Arizona lawmaker cites sexual harassment by male colleagues

Michelle Ugenti-Rita

Courtesy

Michelle Ugenti-Rita

PHOENIX (AP) – Prompted by allegations against Hollywood mogul Harvey Weinstein, a four-term Arizona legislator has joined a growing chorus of women going public about sexual harassment they encountered from men in the workplace.

Republican Rep. Michelle Ugenti-Rita of Scottsdale said in a Facebook post that she encountered harassment soon after taking office in early 2011.

"Almost immediately upon my arrival to the Capitol, I experienced unwanted sexual advances and lewd and suggestive comments regarding my body and appearance from male colleagues," she wrote. "Unfortunately, what I thought would be a professional and respectful work environment was not the reality I was experiencing."

Ugenti-Rita said she was sharing her experiences amid the national discussion of sexual harassment in hopes of encouraging others to help address sexual and workplace harassment.

Ugenti-Rita's post did not identify her harassers. But she said she contacted House leaders after the behavior became more brazen. She said they were understanding but could not do much because they were not employers of fellow lawmakers.

She did not return telephone seeking additional details.

Kirk Adams was House speaker during Ugenti-Rita's first four months in office and now is chief of staff for Gov. Doug Ducey. He said he believes Ugenti-Rita when she said she reached out to leadership to discuss the issue but did not recall the content or timing of conversation.

"Sexual harassment of any kind is unacceptable," he said. "I'm supportive of her as she tries to bring reform to the process."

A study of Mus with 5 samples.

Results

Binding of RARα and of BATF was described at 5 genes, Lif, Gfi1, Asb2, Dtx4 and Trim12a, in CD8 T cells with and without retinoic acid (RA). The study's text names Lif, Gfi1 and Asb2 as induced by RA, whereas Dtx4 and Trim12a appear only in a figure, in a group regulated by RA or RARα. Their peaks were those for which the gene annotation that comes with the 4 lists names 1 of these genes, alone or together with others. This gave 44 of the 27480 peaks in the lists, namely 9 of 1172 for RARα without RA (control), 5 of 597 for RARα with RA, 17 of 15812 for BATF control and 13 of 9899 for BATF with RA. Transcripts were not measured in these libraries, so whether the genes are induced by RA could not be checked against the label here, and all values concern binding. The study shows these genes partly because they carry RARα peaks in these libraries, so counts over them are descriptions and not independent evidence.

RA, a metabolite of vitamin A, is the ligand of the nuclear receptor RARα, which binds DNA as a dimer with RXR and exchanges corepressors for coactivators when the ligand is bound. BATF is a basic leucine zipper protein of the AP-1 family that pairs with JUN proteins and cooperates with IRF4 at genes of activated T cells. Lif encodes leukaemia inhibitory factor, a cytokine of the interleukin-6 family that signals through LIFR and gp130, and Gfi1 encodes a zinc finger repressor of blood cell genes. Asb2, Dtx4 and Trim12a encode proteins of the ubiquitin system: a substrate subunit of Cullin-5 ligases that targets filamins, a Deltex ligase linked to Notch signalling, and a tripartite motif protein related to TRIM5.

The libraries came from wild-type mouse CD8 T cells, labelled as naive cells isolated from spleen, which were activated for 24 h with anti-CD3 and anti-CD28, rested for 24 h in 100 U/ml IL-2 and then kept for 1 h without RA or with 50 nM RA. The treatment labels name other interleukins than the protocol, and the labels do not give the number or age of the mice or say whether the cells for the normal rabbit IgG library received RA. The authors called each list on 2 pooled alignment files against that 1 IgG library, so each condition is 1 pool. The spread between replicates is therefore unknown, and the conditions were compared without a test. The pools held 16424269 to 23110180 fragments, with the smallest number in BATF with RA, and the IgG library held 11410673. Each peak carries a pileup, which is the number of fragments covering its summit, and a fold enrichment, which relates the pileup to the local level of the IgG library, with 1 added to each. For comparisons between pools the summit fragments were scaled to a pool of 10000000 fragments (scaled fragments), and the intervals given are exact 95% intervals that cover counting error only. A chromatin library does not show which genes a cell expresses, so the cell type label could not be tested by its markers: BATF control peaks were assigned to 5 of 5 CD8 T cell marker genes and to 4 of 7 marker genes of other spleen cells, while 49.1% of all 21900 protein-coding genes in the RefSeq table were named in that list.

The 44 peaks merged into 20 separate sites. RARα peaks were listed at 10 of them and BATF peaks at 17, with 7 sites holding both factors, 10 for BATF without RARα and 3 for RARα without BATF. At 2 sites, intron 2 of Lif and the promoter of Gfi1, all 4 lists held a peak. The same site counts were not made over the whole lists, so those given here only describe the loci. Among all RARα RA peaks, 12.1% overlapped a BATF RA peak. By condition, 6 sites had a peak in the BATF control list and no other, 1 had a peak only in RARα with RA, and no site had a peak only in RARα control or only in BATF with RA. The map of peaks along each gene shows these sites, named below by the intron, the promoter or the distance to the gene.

Andy Tobin, who was majority leader and then became speaker when Adams stepped down in April 2011, said Ugenti-Rita never approached him with any complaints about sexual harassment. He said he would have taken strong action if he had been told about it.

"I'm pretty intolerant of that stuff," Tobin said. "I've got three daughters and a wife and I don't put up with anything like that at all."

Tobin said Ugenti-Rita was a new mother when she arrived in the House and he made sure she had a private place in his office area where she could nurse her baby. He also named her as a committee chair, something rare for a freshman.

Tobin said he knew she struggled with the "political warfare" of being a committee chair, where decisions on proposed legislation can lead to strong political pressure or backlash.

"If there were issues that occurred that should have been handled better I certainly feel bad about that," he said.

Tobin is now a member of the Arizona Corporation Commission.

A call seeking comment from now-Sen. Debbie Lesko, who was majority whip in 2011, was not immediately returned.

Ugenti-Rita said she succeeded in mostly overcoming the harassment in the House, but believed she still faced gender-based discrimination in the Senate.

She urged the leaders in both chambers and other members to create a formal process allowing people to raise harassment issues.

Term limits bar Ugenti-Rita from running for re-election to the House next year, but she's running for a Senate seat.